As the day marking the end of Windows XP support looms ahead, Dell Inc. has launched a new program for small to mid-sized businesses (SMBs) looking to migrate away from the outdated operating system and to upgrade to Windows 7 or 8.
Microsoft Corp. has said it will stop supporting and patching Windows XP on April 8, 2014. That means if businesses are still running the 12-year-old operating system, they stand a much greater chance of becoming open to hackers looking to exploit vulnerabilities in their systems.
With that end date in sight, Dell has packaged together several modules into the Windows Migration Fast Forward Service, geared towards helping SMBs make the jump if they haven’t already. The Fast Forward service can help businesses migrate up to 5,000 PCs.
The goal is to help customers move faster on their migrations, says Jefferson Raley, consulting offer development manager at Dell. He adds the company’s migration services include application management, searching for all the relevant applications a customer uses in its daily work. It tries to automatically install packages for the applications so an IT technician doesn’t have to make the trip to each and every computer to update it for Windows 7 or 8.
Dell’s Fast Forward Service also includes a tool called Client Deployment Manager, a cloud-based service that tracks user communications and monitors a system’s progress as it migrates to the more recent versions of Windows.
Then, for the actual migration process, Dell has tried to automate the process as much as possible, ensuring IT technicians don’t need to visit every computer and making it easier for less technical users to install updates themselves.
However, to make the migration process go more smoothly, the company has had to customize these services to fit as many kinds of businesses as possible, Raley says. He added Dell has packaged modules to try to fit SMBs’ needs, but of course each SMB will need to tailor that package even further to fit its specific IT environment, he adds.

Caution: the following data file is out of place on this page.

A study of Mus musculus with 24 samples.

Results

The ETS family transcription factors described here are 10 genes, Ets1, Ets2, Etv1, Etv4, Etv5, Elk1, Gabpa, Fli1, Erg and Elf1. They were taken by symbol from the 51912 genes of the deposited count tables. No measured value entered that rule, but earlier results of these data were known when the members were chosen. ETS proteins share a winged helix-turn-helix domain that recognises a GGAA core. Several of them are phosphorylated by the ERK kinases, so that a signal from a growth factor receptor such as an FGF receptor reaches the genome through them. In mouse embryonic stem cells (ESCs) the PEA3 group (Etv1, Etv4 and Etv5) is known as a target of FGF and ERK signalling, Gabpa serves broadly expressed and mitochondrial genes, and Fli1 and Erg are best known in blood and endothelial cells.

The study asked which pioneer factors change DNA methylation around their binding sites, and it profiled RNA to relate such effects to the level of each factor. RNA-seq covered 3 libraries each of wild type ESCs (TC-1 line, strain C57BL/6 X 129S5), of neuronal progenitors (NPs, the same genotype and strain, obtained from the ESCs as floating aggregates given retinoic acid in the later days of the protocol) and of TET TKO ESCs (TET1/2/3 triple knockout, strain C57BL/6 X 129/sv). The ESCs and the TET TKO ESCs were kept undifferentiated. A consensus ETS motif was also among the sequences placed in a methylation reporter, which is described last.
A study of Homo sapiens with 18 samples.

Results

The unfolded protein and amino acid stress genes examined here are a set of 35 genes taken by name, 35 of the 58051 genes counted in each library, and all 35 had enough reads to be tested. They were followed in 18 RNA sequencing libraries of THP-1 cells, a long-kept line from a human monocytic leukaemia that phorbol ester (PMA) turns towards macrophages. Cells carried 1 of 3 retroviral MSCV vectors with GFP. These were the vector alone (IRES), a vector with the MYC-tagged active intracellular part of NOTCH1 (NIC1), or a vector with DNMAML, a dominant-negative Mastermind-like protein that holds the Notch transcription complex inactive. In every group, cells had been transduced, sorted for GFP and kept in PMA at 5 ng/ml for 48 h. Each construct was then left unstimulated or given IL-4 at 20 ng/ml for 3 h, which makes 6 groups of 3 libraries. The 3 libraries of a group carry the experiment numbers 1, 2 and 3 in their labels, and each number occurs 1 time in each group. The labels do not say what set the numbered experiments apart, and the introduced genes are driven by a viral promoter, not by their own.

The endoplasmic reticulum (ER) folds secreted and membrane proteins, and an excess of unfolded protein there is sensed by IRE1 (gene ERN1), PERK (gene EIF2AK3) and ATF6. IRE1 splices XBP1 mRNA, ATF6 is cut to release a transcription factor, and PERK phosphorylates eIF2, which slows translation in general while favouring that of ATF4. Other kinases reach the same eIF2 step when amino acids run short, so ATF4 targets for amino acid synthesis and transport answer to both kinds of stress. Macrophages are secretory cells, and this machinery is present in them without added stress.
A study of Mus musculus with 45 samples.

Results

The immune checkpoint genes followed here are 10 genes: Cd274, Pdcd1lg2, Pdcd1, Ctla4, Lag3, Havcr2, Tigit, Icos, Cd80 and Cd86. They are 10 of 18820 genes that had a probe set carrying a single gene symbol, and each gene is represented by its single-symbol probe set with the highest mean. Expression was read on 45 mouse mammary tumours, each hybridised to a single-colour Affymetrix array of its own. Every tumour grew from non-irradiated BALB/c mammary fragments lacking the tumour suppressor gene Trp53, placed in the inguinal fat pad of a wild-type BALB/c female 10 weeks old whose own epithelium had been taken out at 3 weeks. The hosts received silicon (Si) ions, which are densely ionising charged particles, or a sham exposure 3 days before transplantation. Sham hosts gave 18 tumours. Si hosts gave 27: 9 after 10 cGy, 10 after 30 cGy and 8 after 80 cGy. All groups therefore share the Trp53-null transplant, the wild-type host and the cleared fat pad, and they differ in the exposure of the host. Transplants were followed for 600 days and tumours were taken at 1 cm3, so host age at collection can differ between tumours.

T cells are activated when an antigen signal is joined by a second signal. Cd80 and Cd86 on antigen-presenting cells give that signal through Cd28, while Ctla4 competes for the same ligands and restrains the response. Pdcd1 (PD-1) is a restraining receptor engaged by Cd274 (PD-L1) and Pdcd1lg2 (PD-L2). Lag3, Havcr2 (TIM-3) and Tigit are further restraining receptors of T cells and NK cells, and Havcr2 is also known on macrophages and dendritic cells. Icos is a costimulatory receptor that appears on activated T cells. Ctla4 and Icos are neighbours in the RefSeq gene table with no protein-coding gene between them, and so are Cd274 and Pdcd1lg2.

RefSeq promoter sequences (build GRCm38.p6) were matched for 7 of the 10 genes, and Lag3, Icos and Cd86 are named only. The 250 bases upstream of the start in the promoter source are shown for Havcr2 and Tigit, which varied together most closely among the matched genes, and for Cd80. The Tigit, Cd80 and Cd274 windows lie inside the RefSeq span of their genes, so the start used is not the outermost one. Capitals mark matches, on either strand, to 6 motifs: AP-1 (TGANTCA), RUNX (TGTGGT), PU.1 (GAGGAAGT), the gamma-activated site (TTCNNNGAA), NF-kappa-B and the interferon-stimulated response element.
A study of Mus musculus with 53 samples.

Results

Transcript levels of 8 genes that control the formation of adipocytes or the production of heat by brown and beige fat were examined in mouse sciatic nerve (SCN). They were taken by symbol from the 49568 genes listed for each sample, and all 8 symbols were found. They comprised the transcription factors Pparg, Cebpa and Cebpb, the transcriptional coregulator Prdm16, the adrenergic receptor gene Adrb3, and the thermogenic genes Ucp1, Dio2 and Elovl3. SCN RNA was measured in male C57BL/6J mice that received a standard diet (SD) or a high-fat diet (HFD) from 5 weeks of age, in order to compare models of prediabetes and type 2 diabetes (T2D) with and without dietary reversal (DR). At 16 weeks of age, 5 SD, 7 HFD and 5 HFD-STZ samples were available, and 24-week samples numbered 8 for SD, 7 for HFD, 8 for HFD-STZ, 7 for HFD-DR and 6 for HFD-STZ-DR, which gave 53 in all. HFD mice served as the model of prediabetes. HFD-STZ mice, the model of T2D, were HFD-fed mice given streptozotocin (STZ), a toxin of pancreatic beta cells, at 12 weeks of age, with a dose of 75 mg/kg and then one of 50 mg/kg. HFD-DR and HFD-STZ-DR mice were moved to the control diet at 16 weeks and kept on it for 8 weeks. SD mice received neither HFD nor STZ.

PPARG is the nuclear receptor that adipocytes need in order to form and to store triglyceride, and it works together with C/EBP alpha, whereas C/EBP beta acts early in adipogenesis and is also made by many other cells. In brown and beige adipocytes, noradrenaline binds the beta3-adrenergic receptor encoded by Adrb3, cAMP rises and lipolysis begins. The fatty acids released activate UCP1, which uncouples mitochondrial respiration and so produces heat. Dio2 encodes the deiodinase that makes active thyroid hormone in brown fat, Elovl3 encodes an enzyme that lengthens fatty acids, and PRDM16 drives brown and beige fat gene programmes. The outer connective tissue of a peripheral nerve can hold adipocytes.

“In some cases, it makes a lot of sense to use a technician. For instance, in a campus environment, where you’re getting a lot of new computers, you don’t want your end users unboxing the computers, plugging them in, and dealing with that. Technicians make a lot of sense,” Raley says.
“But if it’s somebody who’s remote, works from home, they’re using a notebook, well, they can unlock the notebook and do the physical install themselves. And they can trigger this process to actually finish provisioning the computer.”
The hope is to also get customers to start thinking about the future, he adds. Dell also has strategies in place for SMBs looking to adopt a bring your own device policy in the workplace, as well as a plan for helping them to become more mobile and to take advantage of desktop virtualization.
So far, Dell has seen many customers who have at least started making the transition, but haven’t changed over all of their computers and devices yet, Raley says. He adds he’s seen many businesses opt for Windows 7 over Windows 8, but he expects Windows 8.1 to be more of an attraction for them once it’s released.
While Raley said he doesn’t believe it’s too late for companies to start making the switch to Windows 7 or 8, he said it’s definitely time for them to get a move on.
“Things are getting tight and depending on where organizations are in that migration, the timeline is getting tighter and tighter,” he says. “So we definitely think people need to move quickly and get in front of this, because as the deadline gets closer and closer, the cost of migration does go up because you have to cram more work into a smaller period of time.”
Pricing Dell’s Fast Forward Services depends on the packaged modules organizations choose to purchase.